How can I find this element by css this is what I have so far.

driver.findElement(By.cssSelector(".simplecolorpicker > span[title*=#ff8081]")).click();

Here is the image of the html: enter image description here

  • Can you provide the actual html?
    – saifur
    Mar 24, 2015 at 17:33
  • Hi, saifur the link has the html, i can't embed in the main question as I don't have privilege.
    – Elsid
    Mar 24, 2015 at 17:35
  • Are you using something like Firebug to identify elements? This makes life much much easier. There is no need to re-invent the wheel. Mar 25, 2015 at 14:43
  • Yes I am Kisnard, I just have a hard time understanding the syntax for all the different css classes and how to input them properly. I can go the easy way and just use xpath, i just don't want it to break in the future.
    – Elsid
    Mar 25, 2015 at 15:22
  • if you change the css it will break in the future also. I wouldn't stress too much about it - get it to work - keep it simple. Automation testing is to be used when you expect minimal changes. If you have lots of changes you are doing it too early. Mar 25, 2015 at 15:26

2 Answers 2


Just one issue I see with your CSS selector. When you select by attribute, you need to enclose the attribute value in quotes. Other than that, the * is also probably unnecessary as this should be an exact match:

driver.findElement(By.cssSelector(".simplecolorpicker > span[title='#ff8081']")).click();

CSS selectors are pretty awesome, there is no reason not to use them, but that does NOT mean you have to select everything by class name. Even with CSS selectors, if you have relatively large pages, the performance of finding the element in the DOM is much improved if you use an ID. I would ask your developers to add ID's to any static content, and if there is any dynamic content such as a list of items, then add an ID to the parent so you can locate that element by ID, then get the children.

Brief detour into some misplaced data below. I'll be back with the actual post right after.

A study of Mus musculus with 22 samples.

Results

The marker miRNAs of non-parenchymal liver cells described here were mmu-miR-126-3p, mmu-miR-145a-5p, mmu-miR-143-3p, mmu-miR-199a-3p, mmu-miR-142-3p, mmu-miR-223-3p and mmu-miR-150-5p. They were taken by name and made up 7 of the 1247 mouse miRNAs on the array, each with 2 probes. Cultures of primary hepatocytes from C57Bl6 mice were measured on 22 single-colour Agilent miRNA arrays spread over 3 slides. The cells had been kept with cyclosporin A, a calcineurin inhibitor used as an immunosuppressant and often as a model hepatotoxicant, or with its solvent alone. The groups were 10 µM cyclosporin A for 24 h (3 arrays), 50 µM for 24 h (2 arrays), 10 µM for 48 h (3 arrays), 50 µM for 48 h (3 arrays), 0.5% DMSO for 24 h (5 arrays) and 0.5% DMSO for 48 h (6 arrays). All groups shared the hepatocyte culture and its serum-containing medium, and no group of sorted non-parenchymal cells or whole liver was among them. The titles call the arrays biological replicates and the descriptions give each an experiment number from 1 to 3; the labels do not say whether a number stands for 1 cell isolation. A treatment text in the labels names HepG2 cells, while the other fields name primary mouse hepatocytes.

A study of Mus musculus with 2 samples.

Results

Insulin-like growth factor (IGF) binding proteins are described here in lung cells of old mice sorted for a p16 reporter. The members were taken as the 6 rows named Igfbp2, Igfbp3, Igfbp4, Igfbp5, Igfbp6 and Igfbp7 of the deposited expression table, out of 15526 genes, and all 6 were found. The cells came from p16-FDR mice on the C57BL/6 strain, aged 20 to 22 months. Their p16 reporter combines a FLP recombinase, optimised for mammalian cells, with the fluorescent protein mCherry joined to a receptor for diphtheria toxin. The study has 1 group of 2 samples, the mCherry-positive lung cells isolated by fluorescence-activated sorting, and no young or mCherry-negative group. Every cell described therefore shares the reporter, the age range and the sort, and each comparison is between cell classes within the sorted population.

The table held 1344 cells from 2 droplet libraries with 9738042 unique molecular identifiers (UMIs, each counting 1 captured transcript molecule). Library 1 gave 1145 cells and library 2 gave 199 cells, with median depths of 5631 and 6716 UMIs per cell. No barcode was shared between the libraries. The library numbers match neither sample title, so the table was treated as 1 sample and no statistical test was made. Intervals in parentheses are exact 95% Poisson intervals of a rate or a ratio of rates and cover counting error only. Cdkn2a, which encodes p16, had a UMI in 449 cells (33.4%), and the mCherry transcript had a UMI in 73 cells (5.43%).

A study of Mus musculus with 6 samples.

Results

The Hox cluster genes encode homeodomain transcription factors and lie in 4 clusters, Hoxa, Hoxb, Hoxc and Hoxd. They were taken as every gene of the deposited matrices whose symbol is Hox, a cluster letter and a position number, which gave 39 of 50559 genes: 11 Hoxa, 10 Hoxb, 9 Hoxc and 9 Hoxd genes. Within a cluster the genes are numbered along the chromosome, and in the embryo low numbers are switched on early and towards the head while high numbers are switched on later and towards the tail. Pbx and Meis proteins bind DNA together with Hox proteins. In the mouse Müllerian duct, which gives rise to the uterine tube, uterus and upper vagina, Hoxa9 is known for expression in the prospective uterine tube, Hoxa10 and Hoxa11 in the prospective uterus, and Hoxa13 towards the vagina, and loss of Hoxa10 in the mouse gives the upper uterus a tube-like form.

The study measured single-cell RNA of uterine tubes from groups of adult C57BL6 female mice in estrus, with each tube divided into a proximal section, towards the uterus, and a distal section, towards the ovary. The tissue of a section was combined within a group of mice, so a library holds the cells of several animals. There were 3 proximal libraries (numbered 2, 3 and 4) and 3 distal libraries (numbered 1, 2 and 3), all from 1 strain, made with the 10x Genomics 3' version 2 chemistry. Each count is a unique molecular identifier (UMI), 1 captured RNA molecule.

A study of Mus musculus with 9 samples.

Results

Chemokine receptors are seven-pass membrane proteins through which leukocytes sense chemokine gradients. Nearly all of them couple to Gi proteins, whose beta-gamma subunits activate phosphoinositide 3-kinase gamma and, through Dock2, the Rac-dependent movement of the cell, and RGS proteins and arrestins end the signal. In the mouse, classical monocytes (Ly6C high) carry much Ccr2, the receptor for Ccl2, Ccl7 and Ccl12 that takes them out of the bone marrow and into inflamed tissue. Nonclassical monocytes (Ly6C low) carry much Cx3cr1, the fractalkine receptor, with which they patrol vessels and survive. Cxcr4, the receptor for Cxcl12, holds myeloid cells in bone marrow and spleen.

• Does CSS now support selecting by innerText? Otherwise seems like an obvious use case for not using a CSS selectors. Mar 25, 2015 at 17:50
  • It does not support selecting by innerText, but I try to avoid selecting by innerText as much as possible anyways, especially if I have a localized web site that I may want to test in multiple languages. Even without localization, innerText is much more likely to change than an ID on an element. Lastly, you can find a list of elements by CSS selector, and then iterate through them to match on text. Some frameworks such as Geb have built in support for this that is pretty simple.
    – Sam Woods
    Mar 25, 2015 at 18:02
  • The wisdom of selecting by innerText is independent of CSS selectors' support for it. The statement "there is no reason not to use them" is false by your own admission. Just trying to dispel that bit of misinformation. Mar 25, 2015 at 20:23

It is always a balance between over and under specifying it. Over specify and tests become too brittle, i.e. they easily break when the page is changed. Under specify and the selection is not unique enough to guarantee actually selecting the right element.

I would consider using:

.bgTypes .bgTypeOption *[role=button] # If button is unique
.bgTypes .bgTypeOption *[title="#ff8081"] # Multiple buttons, Title distinguishes

I also like the selection to be as readable as possible, in order to act as documentation (like tests) and the above read "for this application thing called bgTypes, for one bgType option, a button.

I would also try to add an id or data-attribute that helps in the source code if possible.